JERUSALEM - President Donald Trump abruptly declared Thursday the U.S. will recognize Israel's sovereignty over the disputed Golan Heights, a major shift in American policy that gives Israeli Prime Minister Benjamin Netanyahu a political boost a month before what is expected to be a close election. The administration has been considering recognizing Israel's sovereignty over the strategic highlands, which Israel captured from Syria in 1967, for some time and Netanyahu had pressed the matter with visiting Secretary of State Mike Pompeo just a day earlier. U.S. and Israeli officials said Wednesday they had not expected a decision until next week, when Netanyahu is to visit the U.S. But in a tweet that appeared to catch many by surprise, Trump said the time had come for the United States to take the step, which Netanyahu warmly welcomed as a "miracle" on the Jewish holiday of Purim. "After 52 years it is time for the United States to fully recognize Israel's Sovereignty over the Golan Heights, which is of critical strategic and security importance to the State of Israel and Regional Stability!"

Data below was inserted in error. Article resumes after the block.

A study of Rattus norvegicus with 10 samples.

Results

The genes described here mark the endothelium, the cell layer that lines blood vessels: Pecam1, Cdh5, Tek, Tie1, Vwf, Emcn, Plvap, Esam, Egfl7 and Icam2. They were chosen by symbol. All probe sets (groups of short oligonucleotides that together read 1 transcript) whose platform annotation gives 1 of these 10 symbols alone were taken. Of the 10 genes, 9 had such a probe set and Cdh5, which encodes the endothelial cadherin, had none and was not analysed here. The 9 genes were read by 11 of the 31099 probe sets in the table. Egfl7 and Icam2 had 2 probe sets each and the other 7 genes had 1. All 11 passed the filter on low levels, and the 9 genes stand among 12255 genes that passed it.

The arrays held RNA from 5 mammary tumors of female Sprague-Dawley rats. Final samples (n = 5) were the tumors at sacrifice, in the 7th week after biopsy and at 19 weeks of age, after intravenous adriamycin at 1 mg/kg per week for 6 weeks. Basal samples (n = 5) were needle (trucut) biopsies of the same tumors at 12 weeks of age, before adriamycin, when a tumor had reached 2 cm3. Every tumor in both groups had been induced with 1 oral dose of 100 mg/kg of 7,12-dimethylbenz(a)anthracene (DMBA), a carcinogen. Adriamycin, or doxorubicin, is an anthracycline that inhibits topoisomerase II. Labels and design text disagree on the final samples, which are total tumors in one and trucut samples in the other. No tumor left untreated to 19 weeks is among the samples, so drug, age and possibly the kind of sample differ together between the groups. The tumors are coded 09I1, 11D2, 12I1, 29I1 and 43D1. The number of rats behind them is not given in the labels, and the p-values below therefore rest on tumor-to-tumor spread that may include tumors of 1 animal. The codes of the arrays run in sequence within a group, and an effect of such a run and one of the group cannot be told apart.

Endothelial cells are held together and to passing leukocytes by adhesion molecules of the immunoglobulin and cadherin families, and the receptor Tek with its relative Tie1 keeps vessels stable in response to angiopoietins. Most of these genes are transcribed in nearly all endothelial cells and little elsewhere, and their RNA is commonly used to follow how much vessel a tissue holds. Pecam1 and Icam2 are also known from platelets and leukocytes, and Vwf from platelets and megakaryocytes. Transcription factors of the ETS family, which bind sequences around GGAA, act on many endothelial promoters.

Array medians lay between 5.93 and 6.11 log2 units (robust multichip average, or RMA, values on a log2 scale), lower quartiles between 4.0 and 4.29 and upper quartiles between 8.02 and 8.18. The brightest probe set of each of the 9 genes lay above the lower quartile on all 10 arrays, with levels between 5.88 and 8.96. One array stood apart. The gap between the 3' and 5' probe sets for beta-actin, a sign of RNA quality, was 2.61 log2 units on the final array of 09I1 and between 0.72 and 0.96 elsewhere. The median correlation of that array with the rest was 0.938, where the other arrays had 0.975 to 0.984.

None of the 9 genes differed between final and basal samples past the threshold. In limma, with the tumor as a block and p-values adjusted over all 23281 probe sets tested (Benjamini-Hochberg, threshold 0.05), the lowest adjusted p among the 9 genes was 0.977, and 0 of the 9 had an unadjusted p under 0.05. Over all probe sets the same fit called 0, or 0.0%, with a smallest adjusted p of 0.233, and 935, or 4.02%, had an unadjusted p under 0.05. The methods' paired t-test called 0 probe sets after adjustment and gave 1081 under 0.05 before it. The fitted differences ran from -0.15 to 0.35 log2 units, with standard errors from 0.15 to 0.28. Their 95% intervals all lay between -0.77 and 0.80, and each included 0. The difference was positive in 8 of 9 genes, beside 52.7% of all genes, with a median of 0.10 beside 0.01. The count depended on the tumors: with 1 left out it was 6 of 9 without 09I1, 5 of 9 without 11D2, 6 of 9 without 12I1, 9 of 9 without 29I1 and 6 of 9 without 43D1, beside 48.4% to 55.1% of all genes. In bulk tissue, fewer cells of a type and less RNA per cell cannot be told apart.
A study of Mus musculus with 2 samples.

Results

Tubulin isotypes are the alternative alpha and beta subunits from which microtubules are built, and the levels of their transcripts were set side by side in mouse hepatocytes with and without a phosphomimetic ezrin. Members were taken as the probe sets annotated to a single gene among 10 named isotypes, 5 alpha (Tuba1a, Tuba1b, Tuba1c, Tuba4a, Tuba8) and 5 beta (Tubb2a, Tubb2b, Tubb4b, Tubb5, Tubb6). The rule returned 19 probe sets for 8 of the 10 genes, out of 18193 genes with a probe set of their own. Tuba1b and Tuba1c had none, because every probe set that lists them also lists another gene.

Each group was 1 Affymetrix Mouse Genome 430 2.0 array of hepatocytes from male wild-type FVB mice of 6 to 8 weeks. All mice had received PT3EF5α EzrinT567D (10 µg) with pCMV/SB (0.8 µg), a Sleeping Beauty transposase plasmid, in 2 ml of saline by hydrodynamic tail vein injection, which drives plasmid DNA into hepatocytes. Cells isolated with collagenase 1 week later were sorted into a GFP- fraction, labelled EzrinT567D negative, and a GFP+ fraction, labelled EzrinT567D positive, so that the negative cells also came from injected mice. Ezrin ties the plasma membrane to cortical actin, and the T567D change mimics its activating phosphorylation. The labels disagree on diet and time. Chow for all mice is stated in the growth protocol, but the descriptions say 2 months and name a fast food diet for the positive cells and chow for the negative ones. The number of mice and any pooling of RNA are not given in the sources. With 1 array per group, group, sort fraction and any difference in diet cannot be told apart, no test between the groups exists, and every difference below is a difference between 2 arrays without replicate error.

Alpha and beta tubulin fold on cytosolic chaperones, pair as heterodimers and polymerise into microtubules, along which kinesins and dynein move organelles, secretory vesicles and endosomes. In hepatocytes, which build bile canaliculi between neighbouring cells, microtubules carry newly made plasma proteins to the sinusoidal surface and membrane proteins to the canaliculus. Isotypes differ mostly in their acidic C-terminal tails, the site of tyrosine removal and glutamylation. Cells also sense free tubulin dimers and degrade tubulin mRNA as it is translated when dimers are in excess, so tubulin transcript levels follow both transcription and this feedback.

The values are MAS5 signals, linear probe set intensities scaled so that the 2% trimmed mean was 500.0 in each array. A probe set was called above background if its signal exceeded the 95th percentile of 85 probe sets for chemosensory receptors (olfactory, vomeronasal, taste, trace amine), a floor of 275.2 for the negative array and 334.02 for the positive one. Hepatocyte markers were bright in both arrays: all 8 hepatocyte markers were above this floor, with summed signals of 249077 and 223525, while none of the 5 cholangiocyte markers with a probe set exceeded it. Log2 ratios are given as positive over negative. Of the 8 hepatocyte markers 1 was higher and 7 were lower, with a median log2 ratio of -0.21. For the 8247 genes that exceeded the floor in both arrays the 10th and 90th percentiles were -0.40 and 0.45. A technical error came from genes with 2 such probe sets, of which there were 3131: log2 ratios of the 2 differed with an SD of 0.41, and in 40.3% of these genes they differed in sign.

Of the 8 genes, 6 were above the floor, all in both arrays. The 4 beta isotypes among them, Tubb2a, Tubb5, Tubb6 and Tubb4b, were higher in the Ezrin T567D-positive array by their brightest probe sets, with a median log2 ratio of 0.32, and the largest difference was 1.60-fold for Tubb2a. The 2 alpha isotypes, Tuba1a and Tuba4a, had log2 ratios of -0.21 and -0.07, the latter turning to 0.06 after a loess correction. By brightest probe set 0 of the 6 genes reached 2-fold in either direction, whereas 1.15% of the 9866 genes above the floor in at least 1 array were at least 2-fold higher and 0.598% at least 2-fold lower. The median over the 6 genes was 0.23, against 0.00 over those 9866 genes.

Gibraltar is in talks with Scotland about a plan to keep parts of the UK in the EU, BBC Newsnight has learned. Fabian Picardo, the territory's chief minister, told the BBC he was speaking to Scotland's First Minister, Nicola Sturgeon, about various options. One possibility under discussion is for Gibraltar and Scotland, which both voted to remain in the EU, to maintain the UK's membership of the bloc. Ms Sturgeon confirmed to the BBC that talks are under way with Gibraltar. Northern Ireland could also potentially be included in the discussions.
Some companies have expressed fears that an expected two years of talks after the triggering of Article 50 could easily get bogged down by disputes and that the country will crash out of the EU in a so-called hard Brexit with little in place to ensure to ensure there is no disruption to markets and trade.
"The sovereignty of Gibraltar is unchanged and is not going to change, and cannot conceivably change without the express support and consent of the people of Gibraltar and the United Kingdom, and that is not is going to change," Johnson said on arrival at a meeting of EU foreign ministers in Luxembourg.